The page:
Sara’s handwriting covered both sides of the index card. She’d scribbled down to the last empty space.
The first night, obviously. Victor says it was love at first sight, but I was too tired that night to fall in love. It was after one of my little happenings. I remember I was exhausted, I wasn’t out to impress anybody. Then he came up with a drink and I thought, Well, he’s tall. The kind of guy who took himself seriously, straight out of Brooks Brothers, with pens in his breast pocket. Not at all my typical fan. But I could tell he wanted to kiss me. I made him want to kiss me. That was the whole idea.
New York, August 1971. I was renting a studio on West Eighth Street, back when it was dingy. Men found it avant-garde, the exposed pipes, the working bathtub in the kitchen. Victor and I caught a movie, then we drifted back to my place to listen to some Chicago blues records and drink whiskey sours (I only drank whiskey sours that year). I probably lit some incense and talked a big game. There was a point, I remember, when we discussed our favorite books. We had three in common—that seemed important. But he didn’t come on to me. I started to worry I’d read him wrong. Then he asked me, after one of those prolonged quiet moments (I never liked quiet moments), “So, what’s your secret?”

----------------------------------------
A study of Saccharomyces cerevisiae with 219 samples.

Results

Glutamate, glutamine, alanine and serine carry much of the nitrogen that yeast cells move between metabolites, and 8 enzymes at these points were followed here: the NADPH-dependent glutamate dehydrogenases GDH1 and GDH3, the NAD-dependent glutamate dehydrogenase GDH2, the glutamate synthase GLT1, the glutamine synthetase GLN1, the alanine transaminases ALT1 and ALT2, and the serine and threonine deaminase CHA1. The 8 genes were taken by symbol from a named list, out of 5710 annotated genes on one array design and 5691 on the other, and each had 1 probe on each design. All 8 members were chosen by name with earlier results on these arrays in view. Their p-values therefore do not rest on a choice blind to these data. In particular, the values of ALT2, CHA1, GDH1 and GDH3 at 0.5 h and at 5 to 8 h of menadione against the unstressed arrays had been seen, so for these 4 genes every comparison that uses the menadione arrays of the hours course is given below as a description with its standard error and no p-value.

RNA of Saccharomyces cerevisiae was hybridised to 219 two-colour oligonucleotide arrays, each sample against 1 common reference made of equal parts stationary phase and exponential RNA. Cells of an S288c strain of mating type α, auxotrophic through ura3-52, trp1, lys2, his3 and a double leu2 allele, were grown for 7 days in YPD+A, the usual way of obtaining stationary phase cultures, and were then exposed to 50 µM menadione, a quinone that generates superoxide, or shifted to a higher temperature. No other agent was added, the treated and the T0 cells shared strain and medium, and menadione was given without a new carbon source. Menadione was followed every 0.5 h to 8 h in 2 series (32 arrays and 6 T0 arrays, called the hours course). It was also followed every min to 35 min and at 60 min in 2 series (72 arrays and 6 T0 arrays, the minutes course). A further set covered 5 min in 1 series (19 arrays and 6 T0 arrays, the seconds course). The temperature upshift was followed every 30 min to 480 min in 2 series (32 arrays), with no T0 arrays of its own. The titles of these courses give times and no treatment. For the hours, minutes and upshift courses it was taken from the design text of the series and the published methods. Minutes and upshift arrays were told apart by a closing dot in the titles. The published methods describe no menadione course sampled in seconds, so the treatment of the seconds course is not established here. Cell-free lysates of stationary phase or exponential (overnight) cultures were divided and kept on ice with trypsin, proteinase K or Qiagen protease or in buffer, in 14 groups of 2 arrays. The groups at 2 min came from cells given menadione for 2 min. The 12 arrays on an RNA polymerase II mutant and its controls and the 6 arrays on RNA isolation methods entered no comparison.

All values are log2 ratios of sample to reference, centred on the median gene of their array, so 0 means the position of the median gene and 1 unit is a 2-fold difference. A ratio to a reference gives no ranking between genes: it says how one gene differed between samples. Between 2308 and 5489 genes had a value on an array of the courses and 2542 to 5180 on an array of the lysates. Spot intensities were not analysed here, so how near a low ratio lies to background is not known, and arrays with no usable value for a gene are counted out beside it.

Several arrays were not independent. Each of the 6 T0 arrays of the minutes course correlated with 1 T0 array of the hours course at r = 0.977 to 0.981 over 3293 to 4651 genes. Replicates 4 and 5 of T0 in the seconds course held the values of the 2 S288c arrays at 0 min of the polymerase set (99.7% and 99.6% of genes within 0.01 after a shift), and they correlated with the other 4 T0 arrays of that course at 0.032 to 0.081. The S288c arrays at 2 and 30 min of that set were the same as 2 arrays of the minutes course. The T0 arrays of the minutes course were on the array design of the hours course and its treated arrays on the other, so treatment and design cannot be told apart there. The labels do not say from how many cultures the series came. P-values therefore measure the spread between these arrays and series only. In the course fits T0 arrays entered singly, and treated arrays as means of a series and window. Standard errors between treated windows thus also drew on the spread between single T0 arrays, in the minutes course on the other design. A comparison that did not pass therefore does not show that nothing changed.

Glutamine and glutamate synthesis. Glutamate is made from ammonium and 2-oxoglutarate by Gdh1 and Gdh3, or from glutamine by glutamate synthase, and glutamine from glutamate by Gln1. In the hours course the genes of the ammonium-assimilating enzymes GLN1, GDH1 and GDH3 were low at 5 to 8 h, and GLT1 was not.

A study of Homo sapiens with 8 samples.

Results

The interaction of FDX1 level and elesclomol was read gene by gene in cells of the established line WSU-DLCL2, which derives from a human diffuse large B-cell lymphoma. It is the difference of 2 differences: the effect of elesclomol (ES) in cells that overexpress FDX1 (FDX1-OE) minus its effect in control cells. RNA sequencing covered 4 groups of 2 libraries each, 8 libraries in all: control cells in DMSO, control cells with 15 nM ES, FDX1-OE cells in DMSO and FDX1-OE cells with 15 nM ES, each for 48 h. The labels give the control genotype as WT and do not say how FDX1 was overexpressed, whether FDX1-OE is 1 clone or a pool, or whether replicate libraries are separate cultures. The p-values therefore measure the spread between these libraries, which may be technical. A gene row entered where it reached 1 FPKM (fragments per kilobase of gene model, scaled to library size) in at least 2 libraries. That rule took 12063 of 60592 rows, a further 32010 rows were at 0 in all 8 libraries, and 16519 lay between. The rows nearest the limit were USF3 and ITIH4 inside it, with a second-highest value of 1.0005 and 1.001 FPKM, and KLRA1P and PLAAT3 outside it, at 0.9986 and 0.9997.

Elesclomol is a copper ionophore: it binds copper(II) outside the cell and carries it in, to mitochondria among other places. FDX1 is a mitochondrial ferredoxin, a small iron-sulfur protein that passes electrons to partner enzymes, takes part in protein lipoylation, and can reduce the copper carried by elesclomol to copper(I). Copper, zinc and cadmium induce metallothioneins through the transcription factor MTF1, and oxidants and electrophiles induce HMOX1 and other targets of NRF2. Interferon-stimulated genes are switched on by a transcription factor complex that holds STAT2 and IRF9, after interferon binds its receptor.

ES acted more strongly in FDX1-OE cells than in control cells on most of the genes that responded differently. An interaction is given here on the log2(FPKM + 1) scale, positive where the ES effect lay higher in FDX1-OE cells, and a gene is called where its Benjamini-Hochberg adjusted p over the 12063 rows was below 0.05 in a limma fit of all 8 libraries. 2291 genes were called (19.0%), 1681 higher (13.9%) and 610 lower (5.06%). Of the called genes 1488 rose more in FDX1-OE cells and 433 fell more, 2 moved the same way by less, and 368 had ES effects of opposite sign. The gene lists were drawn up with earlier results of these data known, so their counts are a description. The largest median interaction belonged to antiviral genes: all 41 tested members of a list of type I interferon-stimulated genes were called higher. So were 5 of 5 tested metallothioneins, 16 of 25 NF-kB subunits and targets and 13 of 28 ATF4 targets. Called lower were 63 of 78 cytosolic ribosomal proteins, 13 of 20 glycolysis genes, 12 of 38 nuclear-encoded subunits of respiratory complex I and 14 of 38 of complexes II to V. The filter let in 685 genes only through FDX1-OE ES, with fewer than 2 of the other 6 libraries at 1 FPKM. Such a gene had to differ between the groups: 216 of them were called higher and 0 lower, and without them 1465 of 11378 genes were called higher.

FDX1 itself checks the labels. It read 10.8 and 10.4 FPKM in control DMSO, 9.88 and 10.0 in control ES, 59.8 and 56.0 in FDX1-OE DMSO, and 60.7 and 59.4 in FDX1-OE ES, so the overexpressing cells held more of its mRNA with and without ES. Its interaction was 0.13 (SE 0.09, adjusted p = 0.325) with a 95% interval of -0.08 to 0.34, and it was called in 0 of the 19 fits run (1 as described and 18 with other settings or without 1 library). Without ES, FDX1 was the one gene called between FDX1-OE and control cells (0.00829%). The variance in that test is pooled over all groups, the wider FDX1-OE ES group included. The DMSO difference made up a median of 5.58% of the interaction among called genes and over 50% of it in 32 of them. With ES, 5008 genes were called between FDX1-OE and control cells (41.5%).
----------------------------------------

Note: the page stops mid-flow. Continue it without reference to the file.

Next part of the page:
He had this earnest, really lovely look on his face. His seriousness didn’t waver.
“Deep down, what’s the one secret you don’t share with people?”
“You first,” I said.
After a second, he said, “I killed a friend of mine.”
Not what I expected.
“No, when I was a kid.” He sort of laughed. He wasn’t self-conscious, but it was a big deal. “When I was twelve. I’m not sure.”
“Whether you killed him?”
“He killed himself. But I could have stopped him.”
Well, I scrambled to think of something. “I hit my mother one time. I punched her in the mouth.” After a beat, Victor said, “You might have something there,” and then both of us started laughing, just crazy laughter, and that was that.
Normally I gave away my love in dribs and drabs, but not this time. As though I’d stumbled into a cause; perhaps not right for anybody else, but all mine.
Sara’s handwriting covered both sides of the index card. She’d scribbled down to the last empty space. I put the card back where I’d found it on her desk, tucked into a book with dozens more.
She might have written it just after our counseling appointment, sitting in her car while I pulled out of the parking lot.
Weeks before California.
Some theories said the most accurate memory was one that’s never recalled. The more the mind retells a story, the more that story hardens into a basic shape, where by remembering one detail we push ten others below the surface and construct the memory touch by touch. A sculpture between the neurons that looks like its model, just not completely.
But I hadn’t brought this one up in thirty years. And Sara recalled that first evening perfectly: the movie, the music, the whiskey sours.
What we said. How it felt.
But I didn’t remember that we’d gone to a movie.
I barely remembered that evening at all.